Post Military Years
Excuse me while I pull up my soap box a little closer to the microphone, take a sip of water, get my mind in gear and let the words roll off my tongue. Now, I am not one of those conspiracy theory nuts, but some things get me to wonder what has had a hand in it to make it this way.
When I finished my days in the Air Force of these here United States of America, I left with a plan, a plan that was so tight there was no room to wiggle. I came home, chilled a few days and listened to my family bitching because I was still unemployed and finally hit the pavement. I think even my car knew where we were headed to. When I arrived at my future place of employment, I looked in the mirror, checked myself out and took the most important steps in my life. Once in the building the Personnel Director, as he was known at the time, handed me an application, offered me a pencil but I took my pen out of my jacket pocket, sat down and did my thing. I filled out every question completely. Something I had learned in the service: Leave no stone unturned. That's what gave me my Top Secret clearance so fast. When I was all done, I walked to the receptionist and handed her my paperwork. She instructed me to take a seat until the Director looked over my application and called me into his office. Nothing different between civilian life and the military: Hurry up and wait. After sitting there for some time and growing older, the Director came out, sat down on the sofa next to me and had one question."Son", he said, " it says here in Question One that you are not a US Citizen?" "Yes Sir", was my reply. He looked at me and said: "I'm sorry but I cannot hire you. We work mainly for the Department of Defense and are only allowed to hire citizens." I looked at him dumbfounded, pulled myself together and spoke. " Sir, I don't mean to blow my own whistle, but I probably know your equipment better than anyone in here. I have worked and used all of your systems. I have send your company numerous technical changes to your equipment that was then incorporated into the system, and you can't hire me?' He shook his head, thanked me for coming, stood up and walked back to his office. Well my plan was shattered, maybe I should have had a back-up plan. If this happens, walk away go to the Russian Embassy and offer your services to them. They don't care what citizenship you have, only the information.
But I am a Patriot, I love my adopted country no matter what happens and I will find another street paved with gold that has my name on it. And so I went to the unemployment office. In those days they actually had a veteran working there that would help people like me. The old chap convinced a former grunt to give me a job in his company and so my janitorial career started with Fabri-Tek, Inc. They manufactured memory that went into computers that took up a whole room. That, however did not concern me. I was in charge of emptying the trash, sweep the floors and mop when necessary. Oh, and don't forget to make sure those sanitary napkin holders in the Ladies Toilet are full. Unbeknown to the company I did empty the trash cans, but I did not put the trash into the dumpster. Well, not the same day. During my breaks (remember in the 60's the laws said that you had to have a 10 minute break twice a day, plus lunch) I would take the papers, read them and sort them by importance. See, I was going to Fabri-Tek College on a scholarship from Fabri-Tek. Now you're asking yourself: "Why". Well, you never know when somebody leaves and they need someone else to step into his slot. Problem was the company was so good, no-one wanted to leave. So I had to create a hardship for someone and I soon found my candidate. In retrospect I must say this, I was always taught to give the company their money's worth of work. Our Quality Control Manager was not of the same opinion. Because of his lack of enthusiasm, shipment went out late, which cost the company precious dollars. I made it my mission to cause this individual to quit and me take his spot. Took me six months.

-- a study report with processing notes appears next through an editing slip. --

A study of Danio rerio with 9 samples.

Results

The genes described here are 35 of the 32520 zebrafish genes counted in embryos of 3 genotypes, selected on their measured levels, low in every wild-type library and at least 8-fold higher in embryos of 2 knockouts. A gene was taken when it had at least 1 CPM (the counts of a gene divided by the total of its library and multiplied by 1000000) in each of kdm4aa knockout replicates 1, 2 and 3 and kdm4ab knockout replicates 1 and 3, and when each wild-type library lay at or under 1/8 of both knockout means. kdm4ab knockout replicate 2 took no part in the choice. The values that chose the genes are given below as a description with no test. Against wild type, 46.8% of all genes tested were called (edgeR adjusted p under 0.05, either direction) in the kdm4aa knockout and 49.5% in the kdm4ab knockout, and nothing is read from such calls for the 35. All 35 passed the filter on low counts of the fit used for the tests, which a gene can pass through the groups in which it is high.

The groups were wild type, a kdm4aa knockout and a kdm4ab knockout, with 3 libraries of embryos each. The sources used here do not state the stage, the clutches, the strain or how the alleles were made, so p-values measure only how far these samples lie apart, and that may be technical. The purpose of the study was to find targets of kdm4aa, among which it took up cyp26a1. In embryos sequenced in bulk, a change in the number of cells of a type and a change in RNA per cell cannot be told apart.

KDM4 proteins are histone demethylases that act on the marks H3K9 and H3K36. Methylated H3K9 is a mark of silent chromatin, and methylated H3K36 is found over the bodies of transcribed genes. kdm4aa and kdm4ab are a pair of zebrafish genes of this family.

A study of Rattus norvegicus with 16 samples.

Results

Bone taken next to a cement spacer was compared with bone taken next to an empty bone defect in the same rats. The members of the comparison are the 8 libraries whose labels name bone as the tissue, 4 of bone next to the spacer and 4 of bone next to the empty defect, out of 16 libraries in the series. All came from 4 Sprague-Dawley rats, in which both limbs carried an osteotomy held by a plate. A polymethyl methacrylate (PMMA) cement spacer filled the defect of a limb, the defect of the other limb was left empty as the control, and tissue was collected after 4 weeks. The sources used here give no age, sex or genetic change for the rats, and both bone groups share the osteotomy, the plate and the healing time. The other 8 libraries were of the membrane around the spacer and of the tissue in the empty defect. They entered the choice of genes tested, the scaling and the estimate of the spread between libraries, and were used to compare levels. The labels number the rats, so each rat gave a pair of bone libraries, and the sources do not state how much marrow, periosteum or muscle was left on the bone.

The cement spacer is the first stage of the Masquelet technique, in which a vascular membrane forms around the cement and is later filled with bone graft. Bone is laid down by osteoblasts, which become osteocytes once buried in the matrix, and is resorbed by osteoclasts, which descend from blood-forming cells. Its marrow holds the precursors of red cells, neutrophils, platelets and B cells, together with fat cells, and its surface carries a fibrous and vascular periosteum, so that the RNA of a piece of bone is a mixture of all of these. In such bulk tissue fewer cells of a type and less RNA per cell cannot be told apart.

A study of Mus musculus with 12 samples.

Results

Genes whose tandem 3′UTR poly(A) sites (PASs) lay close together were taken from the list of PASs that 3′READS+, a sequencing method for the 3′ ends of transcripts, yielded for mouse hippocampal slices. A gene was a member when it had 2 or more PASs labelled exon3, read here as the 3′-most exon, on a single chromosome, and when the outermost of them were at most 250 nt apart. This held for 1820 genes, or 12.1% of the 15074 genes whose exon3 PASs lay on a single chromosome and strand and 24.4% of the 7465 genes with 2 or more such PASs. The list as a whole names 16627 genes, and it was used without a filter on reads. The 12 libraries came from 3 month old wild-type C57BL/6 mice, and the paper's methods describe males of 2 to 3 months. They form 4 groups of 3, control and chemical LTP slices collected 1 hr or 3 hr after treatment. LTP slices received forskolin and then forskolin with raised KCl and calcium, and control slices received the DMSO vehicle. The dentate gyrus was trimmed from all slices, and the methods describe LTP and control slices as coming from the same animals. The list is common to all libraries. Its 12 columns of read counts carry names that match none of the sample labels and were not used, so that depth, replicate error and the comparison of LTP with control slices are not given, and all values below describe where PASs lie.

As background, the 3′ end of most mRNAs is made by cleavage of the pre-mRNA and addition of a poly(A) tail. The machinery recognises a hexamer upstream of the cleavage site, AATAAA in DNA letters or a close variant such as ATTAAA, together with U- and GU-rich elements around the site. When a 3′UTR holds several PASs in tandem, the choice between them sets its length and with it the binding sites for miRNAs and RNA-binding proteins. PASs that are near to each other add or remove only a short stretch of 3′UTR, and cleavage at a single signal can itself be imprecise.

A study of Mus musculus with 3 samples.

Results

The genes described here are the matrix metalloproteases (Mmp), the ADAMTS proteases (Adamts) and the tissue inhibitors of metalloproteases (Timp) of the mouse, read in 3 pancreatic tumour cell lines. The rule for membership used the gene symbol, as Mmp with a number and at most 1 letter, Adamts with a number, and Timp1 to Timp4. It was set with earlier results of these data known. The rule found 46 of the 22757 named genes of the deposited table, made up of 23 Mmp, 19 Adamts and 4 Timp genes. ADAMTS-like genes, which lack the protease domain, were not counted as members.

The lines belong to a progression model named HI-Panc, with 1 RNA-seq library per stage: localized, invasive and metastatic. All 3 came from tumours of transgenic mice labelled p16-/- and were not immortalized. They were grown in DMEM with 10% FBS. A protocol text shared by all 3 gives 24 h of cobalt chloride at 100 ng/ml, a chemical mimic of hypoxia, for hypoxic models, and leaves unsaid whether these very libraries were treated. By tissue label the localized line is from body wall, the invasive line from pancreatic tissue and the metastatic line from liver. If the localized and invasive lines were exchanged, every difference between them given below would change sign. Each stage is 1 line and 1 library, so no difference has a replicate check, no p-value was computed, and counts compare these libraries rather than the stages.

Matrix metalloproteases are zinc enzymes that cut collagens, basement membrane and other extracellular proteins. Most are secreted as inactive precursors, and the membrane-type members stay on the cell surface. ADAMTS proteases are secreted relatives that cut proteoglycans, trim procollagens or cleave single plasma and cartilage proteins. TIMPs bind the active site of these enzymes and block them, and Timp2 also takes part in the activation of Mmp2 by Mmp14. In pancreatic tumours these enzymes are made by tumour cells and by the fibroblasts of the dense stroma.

I had arrived where I wanted to be. Work is work, the product was new to me. I had worked with electron or vacuum tubes, some transistors, diodes, resistors and capacitors. Plus of course transformers in various sizes depending on the equipment you worked on. Now I no longer worked with many of these components other than in the testers used to evaluate our product in a pass or fail scenario. Fabri-Tek manufactured ferrite memory cores. What drove the electronics industry was speed. In the Air Force we know that a delay of seconds making an enemy on radar could cost us our life. When I was the janitor, Fabri-Tek produced the A6080 core. This stood for a core that took on a size of .00060 inches and had a speed supposedly of 80 nano seconds. In actuality it was much slower. We employed mechanical presses bought as scrap from Bayer Aspirin Company to press the ferrite powder into donut shaped cores. It was the job of my department to sample test the finished product and if passed our standards the cores would be on their way to Hong Cong, a British Colony at that time. Here they were strung with 4 wires in a plane 64 rows by 64 columns. This required 4096 cores. Hence it became known as a 4K memory plane.
Are you bored yet reading all this jargon? Well, I was. So I created myself a new job. Product Development. I took a small corner in my Quality Control shop and became R&D.
Tomorrow I will continue the purpose of this lecture as it pertains to not only myself but also to each of you every day in your life.